New Delhi: A standing committee on defence of the Pakistan Senate has stated that the Pakistan army is working in “deplorable” conditions in the Siachen glacier. The committee report was released in September this year.
Of the 14 Senators in this committee, 11 attended an in-camera meeting in June 2019 to discuss the situation in which Pakistani army personnel are surviving in Siachen.
One of the committee members, Muhammad Ali Khan Said, who visited Siachen himself, said that he found the conditions in which the army personnel were deployed, in what was called the most inhospitable war terrain of the world, as “deplorable”.
Keeping in view the “sensitivity” of the matter, the rest of the detailed findings of the committee were shared only with the army.
These findings of the committee have come even after Pakistan army, post the 2012 Gayatri sector avalanche in which it lost almost 140 men, promised that it would improve the situation for its men in Siachen.
Sources said that Pakistani army personnel who were posted there, were facing problems such as lack of proper communication system to send and receive messages frequently, massive problems relating to movement of small groups of troops from one place to another in times of need, and psychological issues due to an extended stay, which was against medical norms.
In high altitude areas of Siachen, personnel should not be deployed for more than 30 days because of the physical and psychological hardships, which include acute depression, a soldier faces. However, in many cases, sources familiar with the developments said that the Pakistani army was deploying their men for even 60-75 days.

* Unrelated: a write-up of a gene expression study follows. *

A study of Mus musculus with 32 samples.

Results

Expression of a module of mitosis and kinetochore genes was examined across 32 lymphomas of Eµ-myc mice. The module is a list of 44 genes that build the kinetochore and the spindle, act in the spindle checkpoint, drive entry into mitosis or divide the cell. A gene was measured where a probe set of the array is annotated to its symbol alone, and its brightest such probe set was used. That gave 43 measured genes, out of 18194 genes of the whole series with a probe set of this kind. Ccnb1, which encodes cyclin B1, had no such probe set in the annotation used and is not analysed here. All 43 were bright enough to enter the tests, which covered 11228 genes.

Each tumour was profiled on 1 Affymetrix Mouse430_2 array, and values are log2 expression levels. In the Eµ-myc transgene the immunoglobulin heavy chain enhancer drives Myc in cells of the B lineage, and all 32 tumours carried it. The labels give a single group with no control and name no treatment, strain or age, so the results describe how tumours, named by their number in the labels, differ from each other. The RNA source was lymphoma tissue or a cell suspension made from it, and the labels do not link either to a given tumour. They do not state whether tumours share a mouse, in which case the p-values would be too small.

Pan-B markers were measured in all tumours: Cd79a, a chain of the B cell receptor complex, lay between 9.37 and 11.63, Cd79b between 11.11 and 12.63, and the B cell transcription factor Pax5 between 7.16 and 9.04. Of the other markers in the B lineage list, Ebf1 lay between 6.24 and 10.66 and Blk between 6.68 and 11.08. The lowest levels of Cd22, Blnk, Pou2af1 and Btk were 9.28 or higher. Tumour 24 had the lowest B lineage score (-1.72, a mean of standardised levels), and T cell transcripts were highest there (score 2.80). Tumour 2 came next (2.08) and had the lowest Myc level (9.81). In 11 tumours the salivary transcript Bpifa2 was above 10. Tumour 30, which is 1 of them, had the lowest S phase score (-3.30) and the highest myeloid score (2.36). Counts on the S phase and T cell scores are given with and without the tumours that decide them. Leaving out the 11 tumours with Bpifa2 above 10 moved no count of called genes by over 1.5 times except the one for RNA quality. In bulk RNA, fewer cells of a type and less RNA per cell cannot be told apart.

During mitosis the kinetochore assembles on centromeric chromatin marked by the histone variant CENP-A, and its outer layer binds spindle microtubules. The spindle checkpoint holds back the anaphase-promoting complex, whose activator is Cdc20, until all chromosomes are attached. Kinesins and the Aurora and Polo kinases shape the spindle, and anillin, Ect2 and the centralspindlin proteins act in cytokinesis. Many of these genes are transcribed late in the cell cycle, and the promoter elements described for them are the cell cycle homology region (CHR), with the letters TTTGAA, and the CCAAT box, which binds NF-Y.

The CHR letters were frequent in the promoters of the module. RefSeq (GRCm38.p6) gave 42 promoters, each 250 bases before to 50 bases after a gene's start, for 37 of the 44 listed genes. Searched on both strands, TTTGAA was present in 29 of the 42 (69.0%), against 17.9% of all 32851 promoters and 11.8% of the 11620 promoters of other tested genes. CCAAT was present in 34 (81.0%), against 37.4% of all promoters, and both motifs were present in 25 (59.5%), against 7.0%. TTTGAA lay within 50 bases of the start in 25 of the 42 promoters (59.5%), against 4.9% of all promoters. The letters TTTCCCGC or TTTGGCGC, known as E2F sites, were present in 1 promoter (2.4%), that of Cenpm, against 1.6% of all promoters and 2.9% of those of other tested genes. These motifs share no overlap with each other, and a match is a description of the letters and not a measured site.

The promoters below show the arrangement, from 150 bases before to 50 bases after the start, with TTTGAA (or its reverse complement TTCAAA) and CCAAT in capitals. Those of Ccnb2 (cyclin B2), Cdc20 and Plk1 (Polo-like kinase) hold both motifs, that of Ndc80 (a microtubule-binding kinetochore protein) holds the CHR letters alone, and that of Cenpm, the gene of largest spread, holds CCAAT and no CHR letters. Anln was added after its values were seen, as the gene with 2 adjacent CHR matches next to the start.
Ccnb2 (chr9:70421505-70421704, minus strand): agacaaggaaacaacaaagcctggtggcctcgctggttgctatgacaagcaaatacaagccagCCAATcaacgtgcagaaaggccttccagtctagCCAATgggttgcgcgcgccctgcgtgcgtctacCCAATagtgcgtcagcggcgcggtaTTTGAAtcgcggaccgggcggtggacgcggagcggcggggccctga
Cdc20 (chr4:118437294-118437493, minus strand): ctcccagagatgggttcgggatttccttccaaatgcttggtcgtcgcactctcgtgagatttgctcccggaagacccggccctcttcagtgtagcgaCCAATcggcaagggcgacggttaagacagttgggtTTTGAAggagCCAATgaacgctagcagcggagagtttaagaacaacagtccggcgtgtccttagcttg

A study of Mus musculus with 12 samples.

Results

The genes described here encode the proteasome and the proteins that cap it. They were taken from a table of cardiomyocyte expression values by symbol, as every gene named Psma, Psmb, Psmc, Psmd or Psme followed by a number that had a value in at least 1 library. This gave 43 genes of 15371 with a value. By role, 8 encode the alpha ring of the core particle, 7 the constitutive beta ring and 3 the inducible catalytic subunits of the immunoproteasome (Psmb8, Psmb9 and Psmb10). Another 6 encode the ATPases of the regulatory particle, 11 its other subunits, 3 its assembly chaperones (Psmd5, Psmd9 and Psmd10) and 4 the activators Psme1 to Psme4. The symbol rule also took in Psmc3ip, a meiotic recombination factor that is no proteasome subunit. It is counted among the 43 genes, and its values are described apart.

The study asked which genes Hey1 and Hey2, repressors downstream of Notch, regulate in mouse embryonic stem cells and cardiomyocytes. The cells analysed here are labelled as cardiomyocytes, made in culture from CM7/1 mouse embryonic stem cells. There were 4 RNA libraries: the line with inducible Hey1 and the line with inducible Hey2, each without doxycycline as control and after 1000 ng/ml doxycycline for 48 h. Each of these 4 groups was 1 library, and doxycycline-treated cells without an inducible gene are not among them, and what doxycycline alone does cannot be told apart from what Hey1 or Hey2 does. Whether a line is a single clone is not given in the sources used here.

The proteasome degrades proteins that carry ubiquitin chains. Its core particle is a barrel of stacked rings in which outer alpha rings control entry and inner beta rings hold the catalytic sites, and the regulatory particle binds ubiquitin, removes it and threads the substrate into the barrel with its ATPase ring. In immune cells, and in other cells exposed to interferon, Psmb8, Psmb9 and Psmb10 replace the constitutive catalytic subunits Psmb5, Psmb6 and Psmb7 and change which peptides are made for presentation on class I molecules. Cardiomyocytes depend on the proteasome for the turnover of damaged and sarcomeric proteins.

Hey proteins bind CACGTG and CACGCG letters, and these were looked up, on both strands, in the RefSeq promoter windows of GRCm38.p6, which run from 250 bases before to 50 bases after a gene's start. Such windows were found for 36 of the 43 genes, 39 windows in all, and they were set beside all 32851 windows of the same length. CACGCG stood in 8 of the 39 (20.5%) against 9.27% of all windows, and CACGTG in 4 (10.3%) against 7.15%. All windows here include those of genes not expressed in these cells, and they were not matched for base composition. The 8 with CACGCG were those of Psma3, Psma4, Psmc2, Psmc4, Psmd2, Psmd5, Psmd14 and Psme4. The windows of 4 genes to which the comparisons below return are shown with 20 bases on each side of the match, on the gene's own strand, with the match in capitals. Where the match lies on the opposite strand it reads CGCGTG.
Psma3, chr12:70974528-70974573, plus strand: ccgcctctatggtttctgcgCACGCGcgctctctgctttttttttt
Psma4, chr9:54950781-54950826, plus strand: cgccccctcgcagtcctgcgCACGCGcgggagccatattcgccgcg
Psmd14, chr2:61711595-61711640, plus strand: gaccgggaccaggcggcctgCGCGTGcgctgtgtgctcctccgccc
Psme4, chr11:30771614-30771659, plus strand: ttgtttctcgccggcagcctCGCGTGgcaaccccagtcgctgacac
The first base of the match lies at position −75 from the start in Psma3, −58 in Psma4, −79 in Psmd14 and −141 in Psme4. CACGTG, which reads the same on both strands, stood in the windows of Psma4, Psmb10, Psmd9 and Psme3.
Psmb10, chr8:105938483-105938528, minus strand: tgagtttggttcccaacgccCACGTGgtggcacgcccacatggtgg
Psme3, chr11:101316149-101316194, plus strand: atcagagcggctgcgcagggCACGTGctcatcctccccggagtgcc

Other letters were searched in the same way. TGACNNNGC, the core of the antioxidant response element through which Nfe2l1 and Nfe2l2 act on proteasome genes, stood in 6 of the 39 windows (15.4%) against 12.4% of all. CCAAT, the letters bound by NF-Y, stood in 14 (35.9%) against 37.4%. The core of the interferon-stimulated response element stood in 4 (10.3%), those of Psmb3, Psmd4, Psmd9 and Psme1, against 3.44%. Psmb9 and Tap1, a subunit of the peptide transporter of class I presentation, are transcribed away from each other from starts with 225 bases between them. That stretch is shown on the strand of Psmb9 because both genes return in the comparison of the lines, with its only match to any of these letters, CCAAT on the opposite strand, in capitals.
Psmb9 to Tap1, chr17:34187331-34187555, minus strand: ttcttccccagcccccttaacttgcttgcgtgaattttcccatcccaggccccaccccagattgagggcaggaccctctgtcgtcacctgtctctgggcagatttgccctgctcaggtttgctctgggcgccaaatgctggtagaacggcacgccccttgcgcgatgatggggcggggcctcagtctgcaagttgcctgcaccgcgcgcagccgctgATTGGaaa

Experts state that Pakistan has deployed close to 5,000 men in the region.
As per assessment by Indian agencies, the Pakistan army is losing close to 30-35 army personnel in the 71-km-long Siachen glacier every year despite not a single shot being fired by the either side. This number does not include the 140 who died in the Gayatri sector avalanche of April 2012.
In comparison, India has lost almost 16 soldiers every year in the last 10 years (163 from 2008-2017).
The Siachen glacier in the Karakoram range is known as the highest militarised zone in the world where soldiers have to battle frostbite and high winds. Temperatures in this region—where the troops are stationed at heights of 20,000 feet—drop to as low as minus 60 degrees Celsius.